The NFL is definitely a "what-have-you-done-for-me-lately" league, in that the statistics are what measures a player's production from year-to-year. However, for some players, their contribution to their team's success cannot be measured simply in terms of numbers.
Baltimore Ravens free safety Ed Reed is one of those players whose stats do not come close to defining who he is and what he has meant to the Ravens over the past decade. His 2012 season might not have been nearly his best season in the league, but one has to look beyond the numbers to see what his presence on the field means to the defense.
Quarterbacks around the league step up to the line of scrimmage and take a look at the scheme that the defense is offering up to them. For opponents of the Ravens, opposing QBs have looked for two players whereabouts the past ten year. Ray Lewis and Ed Reed. First they find Lewis to see where he is playing, which can possibly give them a clue from where the pressure is about to come.
Next they find Reed and try to determine which side of the playing field he is going to lean towards covering so they know where not to throw the ball. Usually where Ed goes, the ball does not follow. Quarterbacks tend to throw to the other side of the field from where Ed roams in order to stay away from the ball-hawking center-fielder, whose game-changing plays have become a thing of legend.
Even in a so-called down year in 2012 for Reed, he still finished with 58 combination tackles, 15 passes defensed, four interceptions, including one returned for a touchdown. His 2011season was virtually the same, but his 2010 season, despite only consisting of ten games, was incredible, considering he still led the league with eight interceptions.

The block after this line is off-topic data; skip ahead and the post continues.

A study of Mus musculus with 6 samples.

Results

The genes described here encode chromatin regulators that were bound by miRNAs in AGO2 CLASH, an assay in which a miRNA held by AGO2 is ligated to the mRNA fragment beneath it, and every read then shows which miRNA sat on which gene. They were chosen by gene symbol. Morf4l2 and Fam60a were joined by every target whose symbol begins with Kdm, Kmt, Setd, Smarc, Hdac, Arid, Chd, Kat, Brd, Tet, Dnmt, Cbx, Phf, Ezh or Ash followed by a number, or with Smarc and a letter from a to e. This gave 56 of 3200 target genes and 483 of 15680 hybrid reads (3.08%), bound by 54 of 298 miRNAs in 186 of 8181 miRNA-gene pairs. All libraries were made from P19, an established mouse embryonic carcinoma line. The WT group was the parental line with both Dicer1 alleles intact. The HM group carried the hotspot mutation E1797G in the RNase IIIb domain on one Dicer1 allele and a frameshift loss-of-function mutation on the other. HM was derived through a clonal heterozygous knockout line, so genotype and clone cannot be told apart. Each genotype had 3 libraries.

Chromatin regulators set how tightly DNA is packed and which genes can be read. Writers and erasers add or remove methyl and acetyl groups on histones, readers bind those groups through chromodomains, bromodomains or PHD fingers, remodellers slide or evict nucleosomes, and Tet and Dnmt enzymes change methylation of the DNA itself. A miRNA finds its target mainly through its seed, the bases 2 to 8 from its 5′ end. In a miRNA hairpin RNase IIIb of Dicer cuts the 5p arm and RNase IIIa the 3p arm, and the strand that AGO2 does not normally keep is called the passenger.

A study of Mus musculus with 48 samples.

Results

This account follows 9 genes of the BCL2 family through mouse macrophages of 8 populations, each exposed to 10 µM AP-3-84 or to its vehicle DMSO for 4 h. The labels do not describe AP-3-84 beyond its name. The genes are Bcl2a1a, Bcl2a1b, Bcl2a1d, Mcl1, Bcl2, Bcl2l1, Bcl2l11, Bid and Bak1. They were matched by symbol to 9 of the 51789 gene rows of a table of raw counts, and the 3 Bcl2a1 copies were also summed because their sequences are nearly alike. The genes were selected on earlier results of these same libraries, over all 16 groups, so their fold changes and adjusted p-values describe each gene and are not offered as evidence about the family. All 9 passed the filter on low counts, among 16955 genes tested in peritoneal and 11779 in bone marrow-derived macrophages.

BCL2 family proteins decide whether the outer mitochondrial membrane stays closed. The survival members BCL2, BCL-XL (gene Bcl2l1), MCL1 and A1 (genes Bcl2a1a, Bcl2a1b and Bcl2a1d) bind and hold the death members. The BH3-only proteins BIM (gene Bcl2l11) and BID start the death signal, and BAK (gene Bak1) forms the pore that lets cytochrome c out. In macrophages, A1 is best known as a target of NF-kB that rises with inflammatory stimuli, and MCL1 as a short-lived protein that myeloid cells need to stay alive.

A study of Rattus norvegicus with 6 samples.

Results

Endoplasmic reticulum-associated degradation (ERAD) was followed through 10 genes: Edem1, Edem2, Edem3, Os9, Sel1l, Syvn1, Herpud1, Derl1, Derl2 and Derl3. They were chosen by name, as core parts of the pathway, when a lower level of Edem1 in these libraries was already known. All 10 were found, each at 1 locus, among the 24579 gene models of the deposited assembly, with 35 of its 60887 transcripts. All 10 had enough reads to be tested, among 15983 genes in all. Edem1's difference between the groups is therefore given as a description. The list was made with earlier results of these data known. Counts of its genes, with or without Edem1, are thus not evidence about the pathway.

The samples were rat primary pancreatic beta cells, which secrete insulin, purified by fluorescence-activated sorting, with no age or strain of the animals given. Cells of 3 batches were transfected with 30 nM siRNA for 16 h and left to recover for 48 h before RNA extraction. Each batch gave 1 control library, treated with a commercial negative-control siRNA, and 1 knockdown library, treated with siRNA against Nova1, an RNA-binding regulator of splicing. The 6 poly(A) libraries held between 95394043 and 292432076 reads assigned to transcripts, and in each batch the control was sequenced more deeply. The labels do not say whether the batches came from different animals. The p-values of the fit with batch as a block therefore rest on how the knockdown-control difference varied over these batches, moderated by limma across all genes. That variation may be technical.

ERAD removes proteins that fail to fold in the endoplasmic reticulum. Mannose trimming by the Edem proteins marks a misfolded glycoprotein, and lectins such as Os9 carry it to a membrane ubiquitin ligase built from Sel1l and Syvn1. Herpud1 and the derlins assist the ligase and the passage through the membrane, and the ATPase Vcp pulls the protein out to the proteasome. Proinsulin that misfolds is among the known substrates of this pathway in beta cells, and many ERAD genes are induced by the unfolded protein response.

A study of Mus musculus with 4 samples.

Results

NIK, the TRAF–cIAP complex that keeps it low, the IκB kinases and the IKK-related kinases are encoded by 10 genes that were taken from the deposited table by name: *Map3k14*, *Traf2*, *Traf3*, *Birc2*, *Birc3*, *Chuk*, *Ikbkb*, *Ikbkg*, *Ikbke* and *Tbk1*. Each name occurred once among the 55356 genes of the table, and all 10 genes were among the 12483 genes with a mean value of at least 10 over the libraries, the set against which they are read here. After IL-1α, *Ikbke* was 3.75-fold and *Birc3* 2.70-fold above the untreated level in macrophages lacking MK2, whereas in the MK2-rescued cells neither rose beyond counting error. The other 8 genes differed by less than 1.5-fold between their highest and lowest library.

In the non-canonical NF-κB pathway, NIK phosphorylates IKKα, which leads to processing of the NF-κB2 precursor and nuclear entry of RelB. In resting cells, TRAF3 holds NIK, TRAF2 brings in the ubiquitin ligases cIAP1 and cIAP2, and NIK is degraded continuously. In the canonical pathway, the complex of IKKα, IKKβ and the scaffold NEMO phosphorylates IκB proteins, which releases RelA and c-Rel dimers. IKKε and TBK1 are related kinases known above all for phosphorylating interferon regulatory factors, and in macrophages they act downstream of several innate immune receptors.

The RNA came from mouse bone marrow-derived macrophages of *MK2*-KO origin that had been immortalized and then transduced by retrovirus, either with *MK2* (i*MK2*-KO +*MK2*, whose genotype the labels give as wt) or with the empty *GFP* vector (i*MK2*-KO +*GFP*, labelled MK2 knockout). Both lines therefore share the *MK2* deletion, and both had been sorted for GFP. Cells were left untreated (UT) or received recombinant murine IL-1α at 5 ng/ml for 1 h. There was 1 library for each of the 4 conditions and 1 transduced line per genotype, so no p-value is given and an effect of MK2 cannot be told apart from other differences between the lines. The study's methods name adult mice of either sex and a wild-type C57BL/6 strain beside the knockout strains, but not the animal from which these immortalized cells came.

If the past two years are what he is expecting to provide from this point on, stats-wise, could another current Ravens player (James Ihedigbo, Omar Brown, etc.), another veteran free agent or a rookie draft pick give the Ravens the same numbers in 2013?
Even so, can they put the fear of "Reed" into opposing signal-callers like Ed did? Of course not, and n fact, it's not even up for debate. Reed and Ravens GM Ozzie Newsome have both said they want to keep #20 in a Ravens uniform but can they come up with a salary that would be acceptable for both parties?
Hopefully, the recent announcement of the details of QB Joe Flacco's contract as well as the team's other needs will permit both parties to reach a sensible accord that will pay Reed what he wants and what the team can afford, and still allow them to target the other players, both on the team and around the league, to put together a squad to defend their Super Bowl title in 2013 and beyond.